C++ is one such traditional programming languages that have been widely used today — even in several modern applications. But to improve its readability for developers, inventor Bjarne Stroustrup has built a project that defines the existence of modern C++ code.
Stroustrup, 66, told Open Source For You in an exclusive interview that he is using versions such as C++11, C++14 and C++17 among others to make its “ambitious project” successful for developers worldwide. “Readability is essential. If you cannot read the code, you cannot maintain it and cannot discuss or argue about how correct it is,” the Danish computer scientist said.
Called C++ Core Guidelines, the open source project includes efforts of editors from Morgan Stanley, Microsoft, Red Hat and Facebook.
“We are aiming for completely type-safe and resource-safe code, without limitations on expressibility or performance,” said Stroustrup.
The prime objective for the C++ Core Guidelines is to make the use of modern C++ effectively. Stroustrup highlighted that code conforming to the project is “far more regular and readable” in comparison with most current programming structure. There are also plans to integrate tools for the automatic enforcement of the available guidelines.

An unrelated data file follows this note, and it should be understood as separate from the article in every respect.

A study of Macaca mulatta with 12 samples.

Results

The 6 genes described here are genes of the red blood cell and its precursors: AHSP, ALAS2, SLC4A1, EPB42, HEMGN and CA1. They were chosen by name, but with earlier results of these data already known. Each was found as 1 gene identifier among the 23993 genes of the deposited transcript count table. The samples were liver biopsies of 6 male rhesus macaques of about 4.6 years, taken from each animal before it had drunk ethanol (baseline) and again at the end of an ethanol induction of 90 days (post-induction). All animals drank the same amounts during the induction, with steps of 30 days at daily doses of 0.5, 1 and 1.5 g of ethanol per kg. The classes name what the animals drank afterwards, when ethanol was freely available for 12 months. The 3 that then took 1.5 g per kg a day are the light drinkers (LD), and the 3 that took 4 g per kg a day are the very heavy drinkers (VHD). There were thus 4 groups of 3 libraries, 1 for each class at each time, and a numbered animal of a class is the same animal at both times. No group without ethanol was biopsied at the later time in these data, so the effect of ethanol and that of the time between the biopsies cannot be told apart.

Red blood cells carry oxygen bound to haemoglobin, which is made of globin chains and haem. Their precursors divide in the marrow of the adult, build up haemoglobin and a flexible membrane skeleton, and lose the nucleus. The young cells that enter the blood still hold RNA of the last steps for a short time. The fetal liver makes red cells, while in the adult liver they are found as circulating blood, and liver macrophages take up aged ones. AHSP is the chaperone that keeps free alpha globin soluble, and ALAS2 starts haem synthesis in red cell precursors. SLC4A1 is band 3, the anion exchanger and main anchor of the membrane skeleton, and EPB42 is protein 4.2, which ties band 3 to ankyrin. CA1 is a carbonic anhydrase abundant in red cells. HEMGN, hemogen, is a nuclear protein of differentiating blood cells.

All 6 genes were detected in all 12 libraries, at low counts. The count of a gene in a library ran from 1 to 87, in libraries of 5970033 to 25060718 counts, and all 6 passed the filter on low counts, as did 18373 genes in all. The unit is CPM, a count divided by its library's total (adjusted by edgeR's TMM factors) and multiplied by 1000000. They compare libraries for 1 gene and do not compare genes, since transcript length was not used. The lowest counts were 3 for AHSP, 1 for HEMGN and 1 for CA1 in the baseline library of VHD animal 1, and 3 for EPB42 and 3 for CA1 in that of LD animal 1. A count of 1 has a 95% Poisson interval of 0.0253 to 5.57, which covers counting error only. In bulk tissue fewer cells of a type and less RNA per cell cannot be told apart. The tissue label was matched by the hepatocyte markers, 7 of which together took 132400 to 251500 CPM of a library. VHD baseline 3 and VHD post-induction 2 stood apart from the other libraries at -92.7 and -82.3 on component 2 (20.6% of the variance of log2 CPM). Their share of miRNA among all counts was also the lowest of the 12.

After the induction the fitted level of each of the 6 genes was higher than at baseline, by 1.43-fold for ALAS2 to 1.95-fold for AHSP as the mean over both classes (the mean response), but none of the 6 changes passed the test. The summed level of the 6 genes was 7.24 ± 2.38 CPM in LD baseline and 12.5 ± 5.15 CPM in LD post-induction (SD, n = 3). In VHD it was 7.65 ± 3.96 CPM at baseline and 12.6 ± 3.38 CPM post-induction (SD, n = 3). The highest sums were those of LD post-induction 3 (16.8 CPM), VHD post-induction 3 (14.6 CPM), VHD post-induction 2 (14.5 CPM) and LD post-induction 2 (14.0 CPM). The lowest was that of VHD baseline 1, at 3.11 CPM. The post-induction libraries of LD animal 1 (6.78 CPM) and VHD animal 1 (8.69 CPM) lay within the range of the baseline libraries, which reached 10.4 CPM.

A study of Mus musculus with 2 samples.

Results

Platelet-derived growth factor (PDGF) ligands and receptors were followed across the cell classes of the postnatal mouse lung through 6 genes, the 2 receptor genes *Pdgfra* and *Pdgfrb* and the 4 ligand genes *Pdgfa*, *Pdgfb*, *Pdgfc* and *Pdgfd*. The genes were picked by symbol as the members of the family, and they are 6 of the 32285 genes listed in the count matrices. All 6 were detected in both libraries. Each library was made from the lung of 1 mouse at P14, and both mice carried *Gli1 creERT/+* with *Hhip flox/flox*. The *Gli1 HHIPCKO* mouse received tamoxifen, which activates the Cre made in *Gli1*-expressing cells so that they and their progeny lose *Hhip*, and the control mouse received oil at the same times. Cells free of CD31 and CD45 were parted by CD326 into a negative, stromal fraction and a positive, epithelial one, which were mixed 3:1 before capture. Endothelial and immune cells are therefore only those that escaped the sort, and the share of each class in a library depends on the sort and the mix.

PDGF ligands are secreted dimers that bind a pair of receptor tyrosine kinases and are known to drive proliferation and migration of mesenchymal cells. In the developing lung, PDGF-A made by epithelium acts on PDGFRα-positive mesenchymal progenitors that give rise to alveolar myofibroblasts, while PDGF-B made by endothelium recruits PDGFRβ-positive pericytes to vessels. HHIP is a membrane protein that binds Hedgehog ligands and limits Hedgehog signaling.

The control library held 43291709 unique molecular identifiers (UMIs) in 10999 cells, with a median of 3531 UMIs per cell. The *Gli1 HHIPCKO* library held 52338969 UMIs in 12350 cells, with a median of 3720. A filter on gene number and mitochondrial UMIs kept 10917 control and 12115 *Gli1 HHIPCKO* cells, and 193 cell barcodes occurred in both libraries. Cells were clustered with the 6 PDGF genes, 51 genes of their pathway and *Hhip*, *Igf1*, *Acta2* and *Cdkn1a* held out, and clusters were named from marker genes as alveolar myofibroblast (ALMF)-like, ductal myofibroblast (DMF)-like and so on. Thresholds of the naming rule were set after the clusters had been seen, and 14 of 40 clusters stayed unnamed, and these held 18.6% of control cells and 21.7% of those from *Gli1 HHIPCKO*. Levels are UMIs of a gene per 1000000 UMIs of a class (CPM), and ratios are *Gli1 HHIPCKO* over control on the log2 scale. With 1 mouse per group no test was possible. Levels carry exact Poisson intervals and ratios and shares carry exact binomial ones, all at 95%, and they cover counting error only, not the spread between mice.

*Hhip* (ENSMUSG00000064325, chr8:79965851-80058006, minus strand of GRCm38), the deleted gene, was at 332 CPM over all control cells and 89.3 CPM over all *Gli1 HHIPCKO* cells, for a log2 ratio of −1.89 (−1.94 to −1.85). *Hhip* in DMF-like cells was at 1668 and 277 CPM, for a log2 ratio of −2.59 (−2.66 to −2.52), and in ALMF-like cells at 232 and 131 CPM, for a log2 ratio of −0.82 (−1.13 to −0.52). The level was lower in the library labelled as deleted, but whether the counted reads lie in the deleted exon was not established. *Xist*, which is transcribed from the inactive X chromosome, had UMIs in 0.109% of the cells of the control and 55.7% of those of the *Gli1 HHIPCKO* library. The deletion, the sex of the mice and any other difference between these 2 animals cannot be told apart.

When asked about the languages replacing C++, Stroustrup told Open Source For You that he did not see a current language that could replace C++ across its users. The one major feature that is considered to make C++ irreplaceable in today’s software development world is the combination of hardware access and zero-overhead abstraction.
“Eventually, a current language will acquire sufficient facilities or a new language will come along. But C++ has certainly been at the top of the game for 30 years,” Stroustrup stated.
Easier than C and superior to Python and Java
Apart from detailing the Core Guidelines project and forecasting its success, Stroustrup mentioned the features that make it an easier option.
“C++ offers you a better type system, classes with constructors and destructors, overloading, native support for object-oriented programming, support for generic programming as well as compile-time programming,” said the programmer turned author who has so far co-written five books.
Stroustrup also defined why Python and Java are “not perfect choices” for embedded systems. “There is a lot of C++ embedded system code,” he said.
New York City-residing Stroustrup is presently a visiting professor at Columbia University. He also works at Morgan Stanley as a managing director.
Catch the full interview of Bjarne Stroustrup and learn the past, present and future of C++ from the May issue of Open Source For You magazine. To subscribe, visit the official website today.